Redevelopment planned for vacant car dealership


The 2.5-acre property is expected to be retrofitted by late spring for fast-food, retail and possibly medical office users, said John Byrne, a Cassidy Turley retail broker who has the site listed for $650,000. Byrne wouldn't identify the buyer.

Under one scenario the 9,200-square-foot former dealership building would be demolished and replaced with freestanding buildings occupied by retail and fast food users. Another option is to reuse the building for retail, food and medical tenants, Byrne said.

The asking rent for the space would be in the mid-teens per square foot.

Byrne said nationally known retail brands have committed to 5,000 square feet of space so far, and a medical user is interested in approximately 4,000 square feet of space.

Byrne noted the area is underserved from a medical standpoint. Medical users long ago abandoned the area for points north.

But consumers' appetite for low-cost meals is apparently among the biggest factors driving renewed interest in the long-vacant site.

Though retail real estate has suffered across the board, there’s still some action in the fast-food segment. “Everyone’s sales are down, but low-cost, readily available food is still a growth industry,” said Byrne.
More than 20 blocks north, in a healthier trade area, Yum Brands Inc. has broken ground on a KFC restaurant on an outlot across the street from Glendale Town Center. Yum bought the site last year for a store that will replace a KFC at the northwest corner of 71st and Keystone.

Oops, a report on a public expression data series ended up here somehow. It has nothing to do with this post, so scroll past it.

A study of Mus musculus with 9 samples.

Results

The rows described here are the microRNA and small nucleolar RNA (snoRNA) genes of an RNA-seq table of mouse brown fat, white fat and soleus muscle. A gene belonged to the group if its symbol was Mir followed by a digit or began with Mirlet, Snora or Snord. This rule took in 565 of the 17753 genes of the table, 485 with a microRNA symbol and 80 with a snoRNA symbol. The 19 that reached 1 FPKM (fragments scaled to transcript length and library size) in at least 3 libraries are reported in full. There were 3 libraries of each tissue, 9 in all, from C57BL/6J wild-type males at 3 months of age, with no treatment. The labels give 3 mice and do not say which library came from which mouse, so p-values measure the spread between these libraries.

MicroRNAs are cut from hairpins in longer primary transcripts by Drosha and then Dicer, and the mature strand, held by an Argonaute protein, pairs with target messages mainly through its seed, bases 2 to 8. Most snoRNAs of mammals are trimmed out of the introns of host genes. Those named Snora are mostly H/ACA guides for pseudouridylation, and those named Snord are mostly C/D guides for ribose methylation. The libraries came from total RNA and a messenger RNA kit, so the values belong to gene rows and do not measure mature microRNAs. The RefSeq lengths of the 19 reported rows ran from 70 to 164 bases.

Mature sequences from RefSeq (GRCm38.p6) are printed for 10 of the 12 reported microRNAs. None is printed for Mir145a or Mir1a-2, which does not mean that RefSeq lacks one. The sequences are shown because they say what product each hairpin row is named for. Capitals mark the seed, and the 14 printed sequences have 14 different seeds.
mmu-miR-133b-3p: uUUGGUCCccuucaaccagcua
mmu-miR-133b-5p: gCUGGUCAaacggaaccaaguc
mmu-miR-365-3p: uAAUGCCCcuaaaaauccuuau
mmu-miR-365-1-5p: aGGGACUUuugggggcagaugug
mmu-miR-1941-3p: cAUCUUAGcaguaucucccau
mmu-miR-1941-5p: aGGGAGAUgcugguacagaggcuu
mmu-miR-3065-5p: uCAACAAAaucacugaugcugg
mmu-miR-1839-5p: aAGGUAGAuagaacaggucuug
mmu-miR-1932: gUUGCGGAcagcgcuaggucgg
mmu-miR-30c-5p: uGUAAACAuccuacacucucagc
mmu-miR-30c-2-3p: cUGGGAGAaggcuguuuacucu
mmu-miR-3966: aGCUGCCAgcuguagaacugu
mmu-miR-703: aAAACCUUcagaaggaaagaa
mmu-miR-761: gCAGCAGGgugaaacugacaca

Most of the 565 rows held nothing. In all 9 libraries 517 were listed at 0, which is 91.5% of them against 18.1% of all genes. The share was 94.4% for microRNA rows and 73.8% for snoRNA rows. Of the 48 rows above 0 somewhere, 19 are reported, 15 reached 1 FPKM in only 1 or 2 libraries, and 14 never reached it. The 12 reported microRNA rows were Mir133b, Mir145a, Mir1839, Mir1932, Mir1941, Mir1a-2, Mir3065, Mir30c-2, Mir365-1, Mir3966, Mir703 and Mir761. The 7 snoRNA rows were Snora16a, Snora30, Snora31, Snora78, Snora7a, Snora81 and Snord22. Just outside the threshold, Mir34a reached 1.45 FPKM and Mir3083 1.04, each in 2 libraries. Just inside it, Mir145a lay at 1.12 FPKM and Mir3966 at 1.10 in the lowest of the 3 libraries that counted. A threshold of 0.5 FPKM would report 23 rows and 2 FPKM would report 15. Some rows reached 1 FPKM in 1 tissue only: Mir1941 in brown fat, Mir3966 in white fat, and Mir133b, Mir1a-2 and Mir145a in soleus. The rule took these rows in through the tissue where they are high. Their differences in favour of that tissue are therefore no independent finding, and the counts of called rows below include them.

Byrne has the site of the existing KFC listed for $785,000. He said it’s likely a buyer will reuse the 3,200-square-foot building with drive-thru, which is being replaced because of a chain-wide program to update KFC stores.

Byrne was also the listing agent for the site of the new KFC. Louisville-based Yum, which owns numerous fast-food brands, prefers to have its restaurants clustered in close proximity to one another. The new location fits the bill because the company owns a Taco Bell/Pizza Hut Express store across Keystone Avenue.

The new KFC is seeking LEED certification. Byrne thinks it will be the first such store in the chain.

The property was sold to Yum Brands by Oliver and Debbie Morris, owners of Morris Realty Group. They own several properties along the Keystone corridor, including a six-story, 70,000-square-foot office building immediately south of the outlot they sold to Yum.



  • @ KEN
    People need healthcare everywhere, not just in suburban office parks. Real doctors, with hearts, who became doctors to help people and make a difference, will practice where they can make a difference.

    While you and I might be able to drive many miles to our doctors, many people are not so lucky. This location is centralized in a relatively low in come area with an underserved population.
  • actually makes sense
    The high calorie, low nutrition food joint could be located right next to a diabetes specialist. This real estate play would be indicative of so much more than redeveloping 38th & Keystone.
  • Medical??
    It is funny how every speculative real estate deal these days has some sort of hopeful "medical" or "healthcare" spin with really no viability for the use at these types of sites. Does the land owner honestly think that physicians are going to want to occupy a building at 38th and Keystone??